Ban the doorknob? Building code change removes choice for renovations contractors
March 24, 2014 by Brynna Leslie
In March, Vancouver’s ban on doorknobs in all new residential construction in the city came into effect, with city councillors arguing homes should be designed with accessibility in mind.
For people with disabilities, the change to the city’s building code – which calls for builders to use levers instead of round knobs — is a positive move.
But as Halifax looks to follow Vancouver’s lead on the doorknob ban, some are questioning the validity of petty building code changes that not only remove personal choice, but often add to the cost of renovations.
Although levers have become the more popular choice in recent years, they are also typically more expensive.
“A 2002 report from the Montreal Economic Institute estimated that unnecessary building codes had doubled the cost of new houses in Quebec over the previous 20 years,” writes Jesse Kline in the National Post last fall.
Kline goes onto argue that, while levers are helpful for people with disabilities, the ease with which they open makes them awkward for some families.
“Levers are easier for small children and, as anyone who’s watched Jurassic Park knows, velociraptors to open,” writes Kline. “They also have to match the orientation of the door, and can be hazardous to both children and clothing.”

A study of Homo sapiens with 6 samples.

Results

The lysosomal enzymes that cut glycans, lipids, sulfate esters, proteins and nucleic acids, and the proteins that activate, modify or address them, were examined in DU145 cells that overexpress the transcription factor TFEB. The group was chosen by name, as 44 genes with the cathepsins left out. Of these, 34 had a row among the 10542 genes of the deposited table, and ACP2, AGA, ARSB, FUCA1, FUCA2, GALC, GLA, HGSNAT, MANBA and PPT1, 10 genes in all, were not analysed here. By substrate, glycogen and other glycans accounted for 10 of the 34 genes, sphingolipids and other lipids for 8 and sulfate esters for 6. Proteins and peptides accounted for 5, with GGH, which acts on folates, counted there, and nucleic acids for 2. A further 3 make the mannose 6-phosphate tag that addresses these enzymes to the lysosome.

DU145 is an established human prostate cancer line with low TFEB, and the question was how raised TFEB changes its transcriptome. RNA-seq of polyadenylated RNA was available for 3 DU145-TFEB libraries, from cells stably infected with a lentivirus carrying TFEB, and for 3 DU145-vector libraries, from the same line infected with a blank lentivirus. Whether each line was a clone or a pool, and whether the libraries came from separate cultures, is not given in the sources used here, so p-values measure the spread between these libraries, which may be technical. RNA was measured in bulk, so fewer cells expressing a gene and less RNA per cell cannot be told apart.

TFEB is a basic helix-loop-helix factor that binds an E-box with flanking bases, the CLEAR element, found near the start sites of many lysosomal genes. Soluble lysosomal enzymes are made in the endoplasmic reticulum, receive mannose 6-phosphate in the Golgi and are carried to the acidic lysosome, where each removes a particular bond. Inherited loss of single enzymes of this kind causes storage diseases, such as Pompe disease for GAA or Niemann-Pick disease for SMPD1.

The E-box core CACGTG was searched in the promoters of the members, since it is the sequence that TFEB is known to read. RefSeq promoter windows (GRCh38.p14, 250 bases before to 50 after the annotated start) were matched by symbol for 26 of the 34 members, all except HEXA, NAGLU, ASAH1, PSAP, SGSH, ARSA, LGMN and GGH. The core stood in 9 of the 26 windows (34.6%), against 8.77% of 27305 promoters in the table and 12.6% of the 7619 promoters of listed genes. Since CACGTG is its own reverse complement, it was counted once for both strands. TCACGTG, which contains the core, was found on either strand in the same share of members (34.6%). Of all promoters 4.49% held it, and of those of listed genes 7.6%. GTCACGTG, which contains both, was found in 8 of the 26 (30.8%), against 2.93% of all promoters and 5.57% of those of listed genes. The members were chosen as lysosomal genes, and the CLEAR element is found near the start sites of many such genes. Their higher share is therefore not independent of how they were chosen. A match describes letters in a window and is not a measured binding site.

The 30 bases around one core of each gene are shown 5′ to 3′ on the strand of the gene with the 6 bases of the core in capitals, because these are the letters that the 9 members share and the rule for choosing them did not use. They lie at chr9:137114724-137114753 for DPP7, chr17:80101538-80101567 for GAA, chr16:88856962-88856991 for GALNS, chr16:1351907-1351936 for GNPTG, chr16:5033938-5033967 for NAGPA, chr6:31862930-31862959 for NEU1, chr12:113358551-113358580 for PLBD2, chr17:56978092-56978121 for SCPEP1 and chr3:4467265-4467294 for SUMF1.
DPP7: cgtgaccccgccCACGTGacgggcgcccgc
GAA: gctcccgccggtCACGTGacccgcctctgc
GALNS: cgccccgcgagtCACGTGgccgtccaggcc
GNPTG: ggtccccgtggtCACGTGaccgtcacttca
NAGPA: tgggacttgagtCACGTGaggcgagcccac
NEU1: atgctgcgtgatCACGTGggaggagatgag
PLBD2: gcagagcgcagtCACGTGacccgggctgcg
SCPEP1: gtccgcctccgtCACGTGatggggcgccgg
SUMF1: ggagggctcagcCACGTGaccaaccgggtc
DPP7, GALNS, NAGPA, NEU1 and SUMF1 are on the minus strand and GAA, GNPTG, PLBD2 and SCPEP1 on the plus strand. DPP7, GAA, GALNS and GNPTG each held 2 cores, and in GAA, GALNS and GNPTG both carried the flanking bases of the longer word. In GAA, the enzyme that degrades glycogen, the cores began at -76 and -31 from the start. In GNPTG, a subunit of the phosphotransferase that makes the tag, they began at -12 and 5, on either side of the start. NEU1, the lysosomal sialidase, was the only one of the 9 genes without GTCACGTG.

Anyone who’s ever had a toddler or caught the hem of their shirt on a levered door understands Kline’s argument.
Unlike Vancouver, Halifax doesn’t have the authority to make changes to the building code, which is under provincial jurisdiction. But the city council is looking to influence the change in any case.
I don’t think any of us can argue against making public buildings more accessible. It even makes sense to encourage accessible design in multi-unit residential buildings, due to the fact there is greater turnover within them.
But, as Kline argues, the government is stretching its nanny state arm a bit far when it starts dictating how people design and build the interior of their homes – homes they’re going to live in. He asks how far the government will go toward enforcing accessible design — will building codes eventually mandate walk-in showers and elevators instead of stairs?
What do you think? Are doorknobs a thing of the past? Should we care that they’ll eventually disappear from the market? Would you argue against these types of interfering building code changes on principle?